Asian farmers in California’s Central Valley have been growing a new crop, moringa, which researchers say is a versatile food plant that can be used for a variety of purposes.
Moringa is originally from India, where it’s called drum stick or “moorungakai,” with its name evolving as it spread to parts of Africa and Asia before making its way stateside. All parts of the plant are edible — its leaves, the drum stick pods, seeds, root and bark.
Leaves can be used in soups and salads, and added in powdered form to different dishes or had as tea. The young pods are used by Indians in a variety of dishes, from gravies to stir fries. The roasted seeds are said to have antibiotic and anti fungal properties, and the roots and bark are used to combat inflammation.
Despite all this, it’s still a humble plant in India, where it’s often grown in people’s backyards and found at grocery stores and farmers’ markets, usually placed on the side while other vegetables take pride of place.
In specialty food stores and online, moringa is sold in dry powdered form and touted as a “miracle food” or “super food.”
When researchers from the University of California’s Department of Agriculture and Natural Resources found local Asian farmers growing it, and understood the nutritional value of this humble plant, they began to look for ways to promote it, so more farmers could grow it, and the public could learn how to use it. With the help of a state-funded grant, they’re testing how much protein, iron and vitamins it contains, and have developed recipes in which the leaves and pod can be used.
“We found there was a market for the value-added product as a powder used in smoothies, savory dishes, oatmeal,” said Lorena Maria Ramos, new crop research associate with the small farms program at UCANR in Fresno. “It’s versatile.”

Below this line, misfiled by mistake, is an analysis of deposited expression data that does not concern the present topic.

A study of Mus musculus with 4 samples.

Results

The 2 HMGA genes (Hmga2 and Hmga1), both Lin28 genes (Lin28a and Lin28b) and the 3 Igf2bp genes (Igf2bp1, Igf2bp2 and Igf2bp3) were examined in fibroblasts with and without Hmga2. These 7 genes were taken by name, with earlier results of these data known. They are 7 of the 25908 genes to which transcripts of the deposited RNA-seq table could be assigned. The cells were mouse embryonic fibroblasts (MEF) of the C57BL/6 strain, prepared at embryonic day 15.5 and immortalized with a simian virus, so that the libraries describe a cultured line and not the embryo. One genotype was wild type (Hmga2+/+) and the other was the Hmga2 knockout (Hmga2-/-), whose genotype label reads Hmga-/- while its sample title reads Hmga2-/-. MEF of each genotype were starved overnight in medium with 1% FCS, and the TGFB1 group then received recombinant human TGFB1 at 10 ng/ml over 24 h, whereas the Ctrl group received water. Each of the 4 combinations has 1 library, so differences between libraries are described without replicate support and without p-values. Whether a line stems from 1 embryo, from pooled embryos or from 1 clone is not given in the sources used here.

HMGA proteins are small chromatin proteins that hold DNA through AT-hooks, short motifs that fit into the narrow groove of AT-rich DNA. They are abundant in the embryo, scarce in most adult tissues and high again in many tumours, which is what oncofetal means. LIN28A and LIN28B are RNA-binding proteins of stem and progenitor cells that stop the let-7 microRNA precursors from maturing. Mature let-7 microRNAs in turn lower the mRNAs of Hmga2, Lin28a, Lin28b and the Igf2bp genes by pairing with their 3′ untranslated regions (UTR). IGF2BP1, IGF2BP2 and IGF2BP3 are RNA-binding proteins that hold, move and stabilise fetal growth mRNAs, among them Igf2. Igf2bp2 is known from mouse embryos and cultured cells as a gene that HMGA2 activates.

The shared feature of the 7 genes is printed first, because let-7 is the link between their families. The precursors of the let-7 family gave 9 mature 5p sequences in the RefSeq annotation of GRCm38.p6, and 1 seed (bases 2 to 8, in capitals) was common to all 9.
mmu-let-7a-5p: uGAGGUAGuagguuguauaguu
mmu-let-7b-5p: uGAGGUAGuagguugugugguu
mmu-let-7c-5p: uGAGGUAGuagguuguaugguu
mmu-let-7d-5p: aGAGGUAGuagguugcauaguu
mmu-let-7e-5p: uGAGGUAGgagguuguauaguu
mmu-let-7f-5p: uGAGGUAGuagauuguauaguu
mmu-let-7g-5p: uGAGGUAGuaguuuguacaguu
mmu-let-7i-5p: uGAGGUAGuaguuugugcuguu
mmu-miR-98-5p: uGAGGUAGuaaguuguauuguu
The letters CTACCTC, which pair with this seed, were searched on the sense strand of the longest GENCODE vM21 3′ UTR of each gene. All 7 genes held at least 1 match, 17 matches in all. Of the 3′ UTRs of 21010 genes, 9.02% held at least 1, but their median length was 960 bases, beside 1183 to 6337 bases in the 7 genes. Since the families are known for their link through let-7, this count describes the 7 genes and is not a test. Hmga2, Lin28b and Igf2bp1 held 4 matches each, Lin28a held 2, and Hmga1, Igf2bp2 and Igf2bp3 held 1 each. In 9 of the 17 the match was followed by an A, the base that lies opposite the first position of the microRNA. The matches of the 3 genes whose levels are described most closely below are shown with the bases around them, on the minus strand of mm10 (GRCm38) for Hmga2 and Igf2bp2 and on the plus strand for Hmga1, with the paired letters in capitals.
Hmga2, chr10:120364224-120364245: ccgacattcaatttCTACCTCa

In farmers’ markets in the Fresno area, its leaves are sold for $1 a bundle. With encouragement and education from Ruth Dahlquist-Willard, a small farms advisor at UCANR who first recognized the potential of moringa, and help from Ramos, more local growers are beginning to plant and sell it.
“The whole point is to give farmers an opportunity to create a value-added product that will boost their business and provide an additional source of income for their farms,” Ramos said.
moringa is drought tolerant, which suits California’s dry conditions. It does well in hot weather, but winter can be challenging, because cold snaps and freezes can be problematic, so farmers will need to cover it with plastic or grow it in a greenhouse. A sapling planted in the spring can grow to 8 feet by early fall.
Ramos is working on developing marketing materials, outreach opportunities and value-added options. UCANR recently released some recipes to promote moringa and educate the public on how to use it.